Why EAC has a long way to go


Thirteen years after the EAC Common Market Protocol agreement was signed by the heads of state, the East Africa Business Council is raising alarm about increasing non-tariff barriers that have led to an intra-EAC trade declining from 21 percent in 2015 to 14 percent today.

The East Africa Business Council is more concerned that this regressing of intra-EAC trade is starting to derail the chances of the regional bloc moving to the next stage of a monetary union.

The East Africa Legislative Assembly passed the East Africa Monetary Institute and East Africa Bureau of Statistics to facilitate the East Africa Monetary Union. But one of the prerequisites for the implementation of the monetary union is that the region achieves at least 25 percent of intra-EAC trade.

The fact that intra-EAC trade is declining is bad news whilst the declining prospects of EAC moving into a monetary union is good news.

Let us start with the bad news. The fact that intra-EAC trade is declining should be a matter of concern.

The East Africa Common Market Protocol was meant to boost export competitiveness, enhance productivity, promote specialisation, increase diversification of economies to accelerate economic development as well as foster social ties in the region.

So, a rise in non-tariffs instead of eliminations raises concerns about sustainable growth and development.

There has been an escalation of trade wars in the region in the past four years, starting with Rwanda closing its borders with Uganda for three years. Rwanda accused Uganda of sponsoring dissidents who harbour intentions of overthrowing the government in Kigali. The good news is that the border was partially opened a few days ago.

Rwanda had also closed its borders with Burundi after the latter accused the Paul Kagame government of sponsoring the 2015 failed coup against then Pierre Nkurunziza.

Kenya also blocked the access of some of Ugandan products like maize, sugar and milk. Kenya has also picked a trade hostility with Tanzania a number of times. So, the EAC has just been a turmoil of trade hostilities which are to the detriment of the growth of intra-EAC trade and the citizen accessing cheaper goods across borders.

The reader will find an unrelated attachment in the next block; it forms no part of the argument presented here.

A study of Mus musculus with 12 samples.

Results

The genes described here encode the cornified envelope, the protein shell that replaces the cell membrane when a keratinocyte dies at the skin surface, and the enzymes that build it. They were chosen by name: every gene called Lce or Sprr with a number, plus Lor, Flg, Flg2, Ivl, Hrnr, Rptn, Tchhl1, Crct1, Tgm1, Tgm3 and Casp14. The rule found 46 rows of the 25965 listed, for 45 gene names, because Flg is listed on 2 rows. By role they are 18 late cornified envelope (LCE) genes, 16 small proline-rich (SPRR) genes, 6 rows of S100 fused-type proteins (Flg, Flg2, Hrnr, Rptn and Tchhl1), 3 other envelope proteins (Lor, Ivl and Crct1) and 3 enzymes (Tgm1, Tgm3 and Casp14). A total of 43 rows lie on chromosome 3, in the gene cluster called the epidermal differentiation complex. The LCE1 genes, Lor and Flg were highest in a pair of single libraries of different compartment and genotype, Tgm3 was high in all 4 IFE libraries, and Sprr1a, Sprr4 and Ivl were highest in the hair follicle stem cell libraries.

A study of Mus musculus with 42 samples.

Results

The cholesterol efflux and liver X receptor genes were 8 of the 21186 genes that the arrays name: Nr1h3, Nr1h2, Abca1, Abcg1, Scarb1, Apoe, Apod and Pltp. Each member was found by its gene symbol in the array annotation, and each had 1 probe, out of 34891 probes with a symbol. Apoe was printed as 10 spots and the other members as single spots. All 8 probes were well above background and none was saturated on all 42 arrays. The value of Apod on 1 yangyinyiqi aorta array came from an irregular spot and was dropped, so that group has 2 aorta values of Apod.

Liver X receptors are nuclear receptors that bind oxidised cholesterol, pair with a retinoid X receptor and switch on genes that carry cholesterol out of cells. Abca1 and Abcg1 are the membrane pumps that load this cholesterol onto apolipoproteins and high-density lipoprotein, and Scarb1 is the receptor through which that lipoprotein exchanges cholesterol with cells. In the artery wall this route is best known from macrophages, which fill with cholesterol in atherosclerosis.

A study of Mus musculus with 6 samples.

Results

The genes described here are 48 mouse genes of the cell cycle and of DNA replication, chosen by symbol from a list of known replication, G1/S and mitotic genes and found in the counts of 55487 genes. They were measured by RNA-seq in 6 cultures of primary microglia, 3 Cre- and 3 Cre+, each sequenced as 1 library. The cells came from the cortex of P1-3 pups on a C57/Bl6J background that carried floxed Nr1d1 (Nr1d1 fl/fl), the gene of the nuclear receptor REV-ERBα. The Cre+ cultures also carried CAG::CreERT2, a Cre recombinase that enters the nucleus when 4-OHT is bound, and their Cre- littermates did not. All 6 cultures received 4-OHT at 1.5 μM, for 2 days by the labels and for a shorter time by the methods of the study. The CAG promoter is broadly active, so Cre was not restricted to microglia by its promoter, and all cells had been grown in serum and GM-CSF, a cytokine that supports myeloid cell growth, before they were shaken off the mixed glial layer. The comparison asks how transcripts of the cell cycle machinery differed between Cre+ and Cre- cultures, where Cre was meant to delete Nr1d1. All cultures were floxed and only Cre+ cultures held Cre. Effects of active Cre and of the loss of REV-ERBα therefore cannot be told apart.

Coming to the issue of the East Africa Monetary Union, I still maintain that it’s a hurried and ill-conceived idea, the region is far from having a monetary union. These issues that are already derailing the Common Market Protocol are serious systemic risks under a monetary union.

Now, the fact that there are no effective institutions to resolve these trade issues mainly arising from political mistrust should be a cause of worry about establishing a monetary union.

If mistrust between two governments leads to closure of the border affecting the movement of goods and people when the currency needs increased trade among countries, what is the systemic impact of such expensive decisions in a monetary union?

That is one concerning question we should ask ourselves. Establishing a monetary union by 2024 as planned will expose our soft underbelly of weak governance structures that form the foundation of a stable monetary union, making the plan an expensive experiment.

How the EU has managed to hold a monetary union for thirty years now is that it established a deep framework of common values and principles that guide member states. First is consolidating political values which include democratic governance and respect of rule of law by political elites.

Second is economic values where companies are required to adhere to ascertained European standards, sustainable development like member countries adhering to fiscal targets to attain and maintain. Third is legal value which is largely the glue to the European Union Agreement known as the Lisbon Treaty.

The European court has the final say on commercial and trade disputes whilst the European Parliament is responsible for the conclusion of trade, investment and regulatory agreements.

Therefore, the EAC has a long way to go despite being the most advanced regional bloc on the continent.